Jason Powell turkey hunting

Turkey hunting is an art form requiring skill, patience, and a deep understanding of the bird’s behavior and communication. Among the arsenal of tools at a hunter’s disposal, the pot call, also known as a friction call, stands out as a favorite among seasoned hunters and beginners.

As with myself, many turkey hunters begin learning how to call turkeys using a box or pot call. For many, using a mouth or diaphragm call is too complicated and requires more practice than many newcomers want to put forth before going hunting in the spring. Because of the difficulty of a mouth call, the more user-friendly pot call becomes the call of choice. Yet, I don’t think a pot call is only for beginners or hunters who see a mouth call as challenging. Blocker Outdoors Ambassador and competition call maker Jason Powell helps shed light on the allure of the pot call and its effectiveness in the field.

Pot calls, characterized by their friction-based operation, offer hunters a realistic sound that can effectively penetrate the wind and carry over long distances. Powell, a seasoned expert in the craft, emphasizes pot calls’ unique advantage in cutting through hostile weather conditions. “The sound from a friction call travels through the timber and up and over hills and through the air, much better than any other calls,” he explains. Because of how the sound travels, Powell prefers using a pot call over all other calls when hunting.

Powell uses a pot call nearly every day of the year when making custom calls or practicing for his next calling competition. Before heading to the woods to hunt, Powell states that it is essential to know how pot calls are made, what makes different sounds, and what materials produce the most realistic turkey calls.

The heart of a pot call lies in its construction. Pot calls offer versatility and durability in the field, typically consisting of a pot made from various materials such as wood and a surface composed of slate, aluminum, glass, ceramic, or other mediums. Accompanied by a striker crafted from different woods, carbon, plastic, or other materials, pot calls allow hunters to produce a wide range of turkey vocalizations with precision and clarity. Powell emphasizes the impact of different materials on the sound produced by pot calls, highlighting the nuanced variations that contribute to the authenticity of turkey calls. Whether it’s the echo of wood or the crispness of carbon, plastic, or others, the choice of materials can significantly influence the effectiveness of a pot call in luring in elusive gobblers. Powell has his favorite types of woods that he prefers, yet he encourages other hunters to try many different types and styles of calls and then choose for themselves what works best for them.

One of the critical advantages of pot calls lies in their ease of use, particularly for beginners or hunters who prefer not to rely on mouth calls. The simplicity of operation, combined with the ability to produce lifelike turkey sounds, makes pot calls an invaluable tool in any hunter’s repertoire. Powell, who spends several hours a day honing his skills with pot calls, attests to their effectiveness in attracting turkeys from afar. “A turkey can hear the frequency from a pot call, much farther than a mouth call,” says Powell. He prefers pot calls because he can mimic the sounds of a real hen turkey better than any other call. Not only does it sound natural, but Powell has repeatedly had success, even with the toughest-to-call gobblers, by using his pot call. In turkey hunting, where success often hinges on the ability to communicate effectively with wary birds, the pot call reigns supreme. Its versatility, realism, and ability to cut through challenging conditions make it a favorite among hunters seeking to master the art of turkey hunting. As Powell aptly sums it up, “The sound from a friction call travels farther and clearer, ensuring that every hunt is filled with excitement and anticipation.”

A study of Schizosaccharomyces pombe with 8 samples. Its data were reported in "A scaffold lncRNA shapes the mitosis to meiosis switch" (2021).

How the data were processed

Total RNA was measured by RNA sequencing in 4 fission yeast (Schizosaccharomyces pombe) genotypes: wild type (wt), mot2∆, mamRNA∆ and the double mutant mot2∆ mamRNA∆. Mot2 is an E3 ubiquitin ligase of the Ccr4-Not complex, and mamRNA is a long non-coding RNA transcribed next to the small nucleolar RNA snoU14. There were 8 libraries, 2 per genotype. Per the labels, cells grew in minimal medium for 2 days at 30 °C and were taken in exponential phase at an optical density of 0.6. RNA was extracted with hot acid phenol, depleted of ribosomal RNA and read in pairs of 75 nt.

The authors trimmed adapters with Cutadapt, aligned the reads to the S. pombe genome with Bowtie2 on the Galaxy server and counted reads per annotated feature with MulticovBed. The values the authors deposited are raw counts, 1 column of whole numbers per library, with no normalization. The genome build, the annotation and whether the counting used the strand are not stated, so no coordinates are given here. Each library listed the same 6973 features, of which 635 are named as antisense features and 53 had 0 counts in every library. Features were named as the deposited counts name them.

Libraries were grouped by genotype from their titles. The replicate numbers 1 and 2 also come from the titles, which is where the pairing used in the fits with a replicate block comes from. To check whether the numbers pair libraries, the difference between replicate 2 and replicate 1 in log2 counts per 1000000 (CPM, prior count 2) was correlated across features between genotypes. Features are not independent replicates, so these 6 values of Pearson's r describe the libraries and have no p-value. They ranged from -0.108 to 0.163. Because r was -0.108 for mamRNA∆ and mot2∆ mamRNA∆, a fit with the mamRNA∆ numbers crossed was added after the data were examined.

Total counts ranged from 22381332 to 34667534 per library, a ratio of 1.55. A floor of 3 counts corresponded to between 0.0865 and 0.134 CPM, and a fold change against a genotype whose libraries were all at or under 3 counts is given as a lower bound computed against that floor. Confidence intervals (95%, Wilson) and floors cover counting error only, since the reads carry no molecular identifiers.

The pot call is a testament to the ingenuity and expertise of turkey hunters. It offers reliable communication with these majestic birds. Powell uses his pot call for virtually all of his calling when hunting. Yet, he encourages that many hunters have experienced the effectiveness of a pot call when hunting in conjunction with another type of call, such as a mouth call. Many hunters mimic the sound of two or more turkeys simultaneously using a pot call and mouth call. For some tough-to-hunt toms who have paired with a hen and don’t want to respond to a hunter’s calls, adding a pot call with a mouth or box call can help break him away and come into close range.

With its simple yet effective design, the pot call continues to hold its place as an essential tool for hunters of all skill levels, elevating the thrill of the hunt and ensuring a successful outing in the wild.